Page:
Two large display windows allowed passersby on foot or in streetcars to marvel at the decorative displays of canned goods and fresh produce assembled to entice.
Not sexy by today’s grocery standards, but Hulett’s neighborhood store was practical and efficient — just what was needed in the early years of the Great Depression.
“It was the heyday of the corner grocery,” says John Zeller, local research historian. “Every neighborhood of 1,000 people could support one.”
In the back of the store two butchers in blood-splattered aprons sliced fresh cuts to order.
Hulett stood behind a polished maple counter, crushing out his cigarettes on the wood plank floor beneath his feet, ringing up sales on an ornate brass cash register with a hand crank and a bell that rang each time the money drawer opened.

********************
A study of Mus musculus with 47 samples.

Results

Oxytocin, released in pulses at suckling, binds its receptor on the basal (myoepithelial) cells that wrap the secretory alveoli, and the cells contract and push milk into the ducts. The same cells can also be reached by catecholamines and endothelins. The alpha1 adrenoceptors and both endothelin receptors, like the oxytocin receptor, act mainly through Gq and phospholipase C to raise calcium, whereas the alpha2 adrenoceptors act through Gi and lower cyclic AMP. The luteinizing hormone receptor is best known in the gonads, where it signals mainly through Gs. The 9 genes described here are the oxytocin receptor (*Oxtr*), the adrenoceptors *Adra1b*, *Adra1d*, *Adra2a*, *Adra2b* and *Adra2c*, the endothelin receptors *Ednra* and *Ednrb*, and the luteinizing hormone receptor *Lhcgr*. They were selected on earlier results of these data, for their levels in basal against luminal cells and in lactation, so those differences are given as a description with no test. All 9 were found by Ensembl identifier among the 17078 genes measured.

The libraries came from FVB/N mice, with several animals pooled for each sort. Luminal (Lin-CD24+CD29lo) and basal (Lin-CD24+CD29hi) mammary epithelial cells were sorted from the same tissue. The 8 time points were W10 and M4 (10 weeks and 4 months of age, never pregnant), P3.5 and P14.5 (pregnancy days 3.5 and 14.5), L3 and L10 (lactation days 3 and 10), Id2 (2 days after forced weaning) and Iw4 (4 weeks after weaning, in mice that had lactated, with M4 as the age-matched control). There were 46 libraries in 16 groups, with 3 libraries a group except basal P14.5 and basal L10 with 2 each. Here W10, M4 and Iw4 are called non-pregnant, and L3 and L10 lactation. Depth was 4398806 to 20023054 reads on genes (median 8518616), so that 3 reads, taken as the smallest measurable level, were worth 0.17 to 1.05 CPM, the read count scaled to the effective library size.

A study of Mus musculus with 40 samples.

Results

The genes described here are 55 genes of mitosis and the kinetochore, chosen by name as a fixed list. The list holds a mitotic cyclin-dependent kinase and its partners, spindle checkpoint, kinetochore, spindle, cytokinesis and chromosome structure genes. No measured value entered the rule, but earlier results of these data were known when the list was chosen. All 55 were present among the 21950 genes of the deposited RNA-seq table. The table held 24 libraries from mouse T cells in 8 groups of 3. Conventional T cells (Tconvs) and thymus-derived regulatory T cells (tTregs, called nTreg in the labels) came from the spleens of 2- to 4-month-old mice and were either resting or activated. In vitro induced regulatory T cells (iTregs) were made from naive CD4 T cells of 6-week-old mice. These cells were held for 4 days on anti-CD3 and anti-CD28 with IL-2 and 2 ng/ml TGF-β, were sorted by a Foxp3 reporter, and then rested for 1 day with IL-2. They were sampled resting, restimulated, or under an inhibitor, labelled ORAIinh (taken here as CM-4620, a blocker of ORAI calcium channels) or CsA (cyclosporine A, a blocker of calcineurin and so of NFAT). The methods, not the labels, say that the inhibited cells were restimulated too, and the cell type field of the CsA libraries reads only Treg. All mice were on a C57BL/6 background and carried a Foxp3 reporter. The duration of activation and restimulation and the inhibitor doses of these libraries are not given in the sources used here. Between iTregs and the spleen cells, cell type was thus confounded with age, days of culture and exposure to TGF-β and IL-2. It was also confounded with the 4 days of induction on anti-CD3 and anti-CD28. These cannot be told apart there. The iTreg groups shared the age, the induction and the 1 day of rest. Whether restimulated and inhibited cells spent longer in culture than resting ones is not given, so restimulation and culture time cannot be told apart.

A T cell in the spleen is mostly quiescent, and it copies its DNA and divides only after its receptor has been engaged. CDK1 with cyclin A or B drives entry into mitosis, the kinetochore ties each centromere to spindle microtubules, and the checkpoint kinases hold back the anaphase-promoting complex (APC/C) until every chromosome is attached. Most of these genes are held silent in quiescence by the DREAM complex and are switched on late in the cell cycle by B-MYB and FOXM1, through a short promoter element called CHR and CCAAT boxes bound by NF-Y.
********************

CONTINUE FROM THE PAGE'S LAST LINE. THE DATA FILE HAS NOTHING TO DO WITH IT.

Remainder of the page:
Some customers simply signed for their groceries. “Regular customers had running accounts,” explains Zeller.
“The grocer kept track and mailed invoices at the end of the month. If you paid your bill, he sold you groceries.”
Today, 80 years later, many Iowa towns harbor one of these small commercial buildings — once upon a time a bank, a cafe, a tavern, a grocery store — but it often sits dilapidated, unloved, and unused.
Renovation can cost more than building from scratch, leading to demolition. Those that don’t meet the wrecking ball are sometimes “remuddled” beyond recognition.
“Much of Iowa’s architectural heritage exists in small communities and Main Streets,” says Michael Wagler, state coordinator with Main Street Iowa, a division of the Iowa Economic Development Authority (IEDA).
“These buildings help define the history and mystique of a place. While every old building isn’t itself a historic landmark, it is the collection of these structures that makes up our link to the past.
Our built environment is irreplaceable. Once it’s gone, it’s gone.”
The grocery before renovation began (top, left) and an early imagining of the refurbished building (above). Drawing by Steve Wilke-Shapiro.